The School Carpool. I did it, but I didn’t always love it.

Before you say “yes” to a carpool there are some things you might want to consider. While it is a practical practice, it doesn’t work well for everyone.

For the most part, it had nothing to do with the teens in the back seat. In fact, the ones that I got to know well, will always hold a special place in my heart. I learned a lot about them, their opinions about “everything”, and even learned a lot about my own sons. So all in all, it was a great experience.

Carpooling does have a few drawbacks. At least, in my opinion.

  • You can’t take a detour if you want to. An unplanned stop at the beach or store is not possible. (Not when the others are expected to be home at a certain hour.)
  • If you do have permission to make a stop to buy a snack, while it isn’t a big deal, not everyone carries money with them. (Your treat.)
  • You don’t have that quiet, private time with your son/daughter.
  • If someone has detention; everyone has detention.
  • Sometimes you hear about a personal family problem…nothing you can say or do about it.
  • You may learn a little more than you really want to learn about their friends.
  • There is always the chatty parent who won’t let you drop and dash. Or the parent who always has special requests.

Other things to consider before you say “Yes”:

  • Don’t feel obligated to participate in a carpool.
  • Think about your family’s style of living.
  • Listen to your children/teens. Perhaps there are things that you are not aware of about the child/teen or their family.
  • Don’t invite the carpool clan in without checking with your child/teen first. (And please don’t ask them in front of the others.)
  • Sometimes unavoidable, keep your conversation with other parents brief. (Your child/teen wants to get home and have a snack, run around a bit, veg out, do their homework, but not sit in the car listening to “whatever”. Would you?)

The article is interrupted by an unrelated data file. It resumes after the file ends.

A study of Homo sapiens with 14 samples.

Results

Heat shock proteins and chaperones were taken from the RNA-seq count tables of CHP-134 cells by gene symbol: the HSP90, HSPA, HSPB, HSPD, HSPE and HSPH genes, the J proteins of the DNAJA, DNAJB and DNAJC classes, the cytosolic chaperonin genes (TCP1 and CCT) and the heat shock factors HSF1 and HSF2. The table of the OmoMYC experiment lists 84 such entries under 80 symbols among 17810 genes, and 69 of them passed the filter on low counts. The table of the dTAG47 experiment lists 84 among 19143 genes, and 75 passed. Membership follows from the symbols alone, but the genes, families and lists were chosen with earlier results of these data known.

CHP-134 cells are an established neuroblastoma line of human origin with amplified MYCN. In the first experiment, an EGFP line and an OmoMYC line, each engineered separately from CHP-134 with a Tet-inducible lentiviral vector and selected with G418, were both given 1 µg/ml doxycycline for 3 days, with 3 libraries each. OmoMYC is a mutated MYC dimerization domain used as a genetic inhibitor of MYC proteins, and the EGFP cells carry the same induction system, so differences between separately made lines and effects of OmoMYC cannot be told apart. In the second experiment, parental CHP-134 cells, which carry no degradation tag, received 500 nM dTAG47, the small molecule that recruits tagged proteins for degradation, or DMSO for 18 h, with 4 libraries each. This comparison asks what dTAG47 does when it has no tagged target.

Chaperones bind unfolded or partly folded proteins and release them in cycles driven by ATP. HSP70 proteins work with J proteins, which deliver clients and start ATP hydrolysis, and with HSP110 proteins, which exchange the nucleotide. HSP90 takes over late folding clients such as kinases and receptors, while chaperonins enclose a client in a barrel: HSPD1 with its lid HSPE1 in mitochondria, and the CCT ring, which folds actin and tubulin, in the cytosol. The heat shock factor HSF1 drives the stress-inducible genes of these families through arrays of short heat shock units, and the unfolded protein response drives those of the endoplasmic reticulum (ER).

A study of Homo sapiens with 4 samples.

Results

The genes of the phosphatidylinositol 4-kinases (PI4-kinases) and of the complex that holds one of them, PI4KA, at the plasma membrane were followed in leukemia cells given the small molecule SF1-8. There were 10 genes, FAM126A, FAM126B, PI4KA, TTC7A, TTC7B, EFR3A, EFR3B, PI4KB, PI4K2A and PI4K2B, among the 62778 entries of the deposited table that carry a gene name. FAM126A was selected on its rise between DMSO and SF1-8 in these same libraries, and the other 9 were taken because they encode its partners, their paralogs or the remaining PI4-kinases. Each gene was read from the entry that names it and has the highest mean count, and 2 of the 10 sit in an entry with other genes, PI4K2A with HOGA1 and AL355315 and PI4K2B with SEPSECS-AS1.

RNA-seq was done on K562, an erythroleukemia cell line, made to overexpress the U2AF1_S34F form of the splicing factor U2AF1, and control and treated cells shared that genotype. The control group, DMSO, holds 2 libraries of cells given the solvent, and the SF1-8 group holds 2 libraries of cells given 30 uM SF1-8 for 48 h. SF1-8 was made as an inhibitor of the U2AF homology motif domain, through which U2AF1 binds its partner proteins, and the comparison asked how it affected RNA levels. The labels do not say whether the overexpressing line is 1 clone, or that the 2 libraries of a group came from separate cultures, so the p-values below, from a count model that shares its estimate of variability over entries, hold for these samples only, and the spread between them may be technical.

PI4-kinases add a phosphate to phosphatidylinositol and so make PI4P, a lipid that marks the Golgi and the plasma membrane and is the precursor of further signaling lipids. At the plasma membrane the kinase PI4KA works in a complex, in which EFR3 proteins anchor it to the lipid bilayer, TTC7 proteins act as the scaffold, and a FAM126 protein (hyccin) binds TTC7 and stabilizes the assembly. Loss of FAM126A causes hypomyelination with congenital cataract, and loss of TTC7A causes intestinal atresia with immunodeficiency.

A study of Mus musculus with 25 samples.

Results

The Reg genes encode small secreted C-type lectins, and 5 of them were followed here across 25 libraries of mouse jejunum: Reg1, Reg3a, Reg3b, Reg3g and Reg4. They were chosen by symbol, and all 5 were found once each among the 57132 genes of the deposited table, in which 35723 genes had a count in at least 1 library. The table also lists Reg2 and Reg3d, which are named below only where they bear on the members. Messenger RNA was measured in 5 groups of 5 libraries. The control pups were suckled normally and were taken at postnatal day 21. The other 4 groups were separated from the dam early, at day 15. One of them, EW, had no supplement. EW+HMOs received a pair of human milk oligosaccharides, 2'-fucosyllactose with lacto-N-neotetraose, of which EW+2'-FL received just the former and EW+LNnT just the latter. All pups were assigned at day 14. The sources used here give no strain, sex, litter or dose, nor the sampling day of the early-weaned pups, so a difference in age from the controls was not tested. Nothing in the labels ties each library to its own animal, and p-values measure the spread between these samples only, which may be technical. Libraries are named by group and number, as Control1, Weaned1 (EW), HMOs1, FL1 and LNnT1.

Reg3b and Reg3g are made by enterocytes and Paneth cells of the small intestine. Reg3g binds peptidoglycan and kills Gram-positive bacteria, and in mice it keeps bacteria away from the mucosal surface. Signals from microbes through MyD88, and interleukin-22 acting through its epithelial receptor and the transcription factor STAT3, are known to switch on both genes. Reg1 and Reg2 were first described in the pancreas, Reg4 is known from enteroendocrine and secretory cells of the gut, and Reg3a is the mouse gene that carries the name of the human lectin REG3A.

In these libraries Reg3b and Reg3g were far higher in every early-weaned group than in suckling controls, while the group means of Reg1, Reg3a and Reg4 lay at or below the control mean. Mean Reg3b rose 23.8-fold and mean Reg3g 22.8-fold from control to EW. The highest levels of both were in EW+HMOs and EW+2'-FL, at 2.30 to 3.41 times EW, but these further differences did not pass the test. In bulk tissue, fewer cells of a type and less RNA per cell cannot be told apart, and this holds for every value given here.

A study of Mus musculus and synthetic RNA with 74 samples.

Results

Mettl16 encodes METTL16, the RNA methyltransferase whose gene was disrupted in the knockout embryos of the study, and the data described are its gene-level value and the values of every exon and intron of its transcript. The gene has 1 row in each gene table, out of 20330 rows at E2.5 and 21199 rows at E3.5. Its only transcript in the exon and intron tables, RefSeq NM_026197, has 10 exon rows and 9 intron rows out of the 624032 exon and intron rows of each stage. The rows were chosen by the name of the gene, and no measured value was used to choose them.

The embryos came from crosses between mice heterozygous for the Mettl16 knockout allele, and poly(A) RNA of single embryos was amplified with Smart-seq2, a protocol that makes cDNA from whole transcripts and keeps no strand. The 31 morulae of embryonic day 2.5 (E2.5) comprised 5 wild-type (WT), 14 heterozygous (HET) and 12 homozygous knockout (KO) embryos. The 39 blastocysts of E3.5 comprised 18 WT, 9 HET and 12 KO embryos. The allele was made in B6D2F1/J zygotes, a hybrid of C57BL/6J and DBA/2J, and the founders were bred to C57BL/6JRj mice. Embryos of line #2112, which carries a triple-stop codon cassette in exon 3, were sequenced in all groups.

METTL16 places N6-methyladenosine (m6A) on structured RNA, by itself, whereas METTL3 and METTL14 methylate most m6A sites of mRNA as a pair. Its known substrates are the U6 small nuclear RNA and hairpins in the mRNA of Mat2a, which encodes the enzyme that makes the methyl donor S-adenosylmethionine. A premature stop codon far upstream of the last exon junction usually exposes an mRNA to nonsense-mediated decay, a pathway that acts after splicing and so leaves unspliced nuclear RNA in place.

• Sometimes one or more of the carpool clan might be in a grouchy mood. Don’t take it personally or inquire.
  • If you are expecting gratitude, (chuckle, chuckle), don’t do it.  Oh, you may hear a “thanks for the ride” now and then, but typically, you are the driver, nothing more, nothing less. But look at the hidden rewards; knowing your child’s/teen’s friends and being inside their world for that brief period. Invaluable.

For more carpool tips: School Carpool Etiquette: 20 Tips To Make Driving Fun

Helping Businesses and Individuals Find Success Through Better Communication and Social Skills

having lunch with a CEO, business dining etiquetteRosalinda Oropeza Randall, Social Skills and Civility Presenter, Media Source, and author of “Don’t Burp in the Boardroom.”

Presentations are available to support HR policies, sales teams, up and coming managers, millennials & new-hire orientation process, service technicians, professional development events, conferences, college/university students, interns. For more information, please contact me, 650.871.6200.